Bullendale is an abandoned mining settlement in Otago, New Zealand. It is the site of New Zealand's first industrial hydro-electric power plant. Located in rugged and remote countryside, it has survived to become of historical significance, and several archaeological surveys have been conducted there.
Phoenix Mine, Battery and Power PlantEdit
The 20 stamp battery was originally powered mechanically by a water turbine fed from a miners water race. However the lack of water during dry weather prompted the call for power to be provided from an electric generating plant using water from the nearby Skippers Creek, a tributary of the Shotover River. The battery was upgraded to 30 stamps in anticipation of the increased power supplied by the electric system.
Electricity generation began in 1886 with two dynamos, giving a maximum combined capacity of 50 kilowatts (67 hp). There was a two mile long transmission line from the generating station to the stamping battery. However, this early system proved to have many problems, and the mines inspector is quoted as saying "very little is yet really known about electricity". At first, the dynamos were incapable of powering the full 30 stamps and the water turbine was still needed to run the battery at full capacity. The dynamos were upgraded the following year, replacing the cast-iron armatures with laminated iron ones, and by 1888 the electric plant was capable of powering the 30 stamps as well as an air compressor and a stone breaker.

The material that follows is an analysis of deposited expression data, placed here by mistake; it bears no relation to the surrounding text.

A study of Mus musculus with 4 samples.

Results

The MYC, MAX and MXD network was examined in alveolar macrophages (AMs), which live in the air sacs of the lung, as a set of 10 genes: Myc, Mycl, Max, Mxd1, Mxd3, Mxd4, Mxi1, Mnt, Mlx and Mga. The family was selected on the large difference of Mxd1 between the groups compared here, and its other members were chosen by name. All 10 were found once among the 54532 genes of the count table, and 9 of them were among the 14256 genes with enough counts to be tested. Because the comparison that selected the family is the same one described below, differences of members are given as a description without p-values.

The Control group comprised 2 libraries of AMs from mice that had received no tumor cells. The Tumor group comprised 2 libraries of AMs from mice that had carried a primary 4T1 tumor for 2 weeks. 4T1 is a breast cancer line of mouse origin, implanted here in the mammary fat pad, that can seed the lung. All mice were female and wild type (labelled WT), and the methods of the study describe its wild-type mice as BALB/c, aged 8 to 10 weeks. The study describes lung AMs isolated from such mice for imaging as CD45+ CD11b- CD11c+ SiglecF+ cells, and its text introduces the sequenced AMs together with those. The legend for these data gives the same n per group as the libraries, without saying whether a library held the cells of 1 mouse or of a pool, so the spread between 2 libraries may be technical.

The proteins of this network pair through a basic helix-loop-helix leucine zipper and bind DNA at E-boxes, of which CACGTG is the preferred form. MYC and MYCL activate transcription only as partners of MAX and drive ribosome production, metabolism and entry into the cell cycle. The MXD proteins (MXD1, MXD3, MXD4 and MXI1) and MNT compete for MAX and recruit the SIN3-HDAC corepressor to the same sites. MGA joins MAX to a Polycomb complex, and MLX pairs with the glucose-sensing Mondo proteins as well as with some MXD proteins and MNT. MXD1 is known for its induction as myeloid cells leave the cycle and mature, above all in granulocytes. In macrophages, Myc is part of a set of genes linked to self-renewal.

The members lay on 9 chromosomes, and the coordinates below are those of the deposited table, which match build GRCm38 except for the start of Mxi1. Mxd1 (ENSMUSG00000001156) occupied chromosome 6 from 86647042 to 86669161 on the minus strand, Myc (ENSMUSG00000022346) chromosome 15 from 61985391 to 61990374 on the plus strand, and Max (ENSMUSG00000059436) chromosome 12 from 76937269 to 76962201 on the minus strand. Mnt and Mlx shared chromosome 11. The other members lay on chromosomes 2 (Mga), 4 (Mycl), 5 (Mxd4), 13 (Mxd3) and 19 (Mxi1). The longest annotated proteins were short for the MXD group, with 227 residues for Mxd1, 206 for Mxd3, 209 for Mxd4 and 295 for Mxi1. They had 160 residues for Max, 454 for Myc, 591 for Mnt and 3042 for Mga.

In 1896 a new water race was built, enabling the water to be used directly for power once again. The electric system continued to be used as auxiliary until about 1901 when the dynamos were used for the last time.
- "Phoenix Mine Hydro Electric Plant Site". New Zealand Historic Places Trust. Retrieved 9 October 2011.
- P.G. Petchey (2006). "Gold and electricity - Archaeological survey of Bullendale, Otago" (PDF). Department of Conservation. Retrieved 6 April 2012.
- Martin, p. 19-21
- Reilly, H p. 17-18
- "Historic Bullendale Hydro Heritage". Department of Conservation. Retrieved 10 October 2011.
- Reilly, Helen (2008). Connecting the Country: New Zealand’s National Grid 1886–2007. Wellington: Steele Roberts. pp. 376 pages. ISBN 978-1-877448-40-9.
- Martin, John E (1998). People, Politics and Power Stations: Electric Power Generation in New Zealand 1880–1998 (Second ed.). Wellington: Bridget Williams Books Ltd and Electricity Corporation of New Zealand. p. 356. ISBN 0-908912-98-6.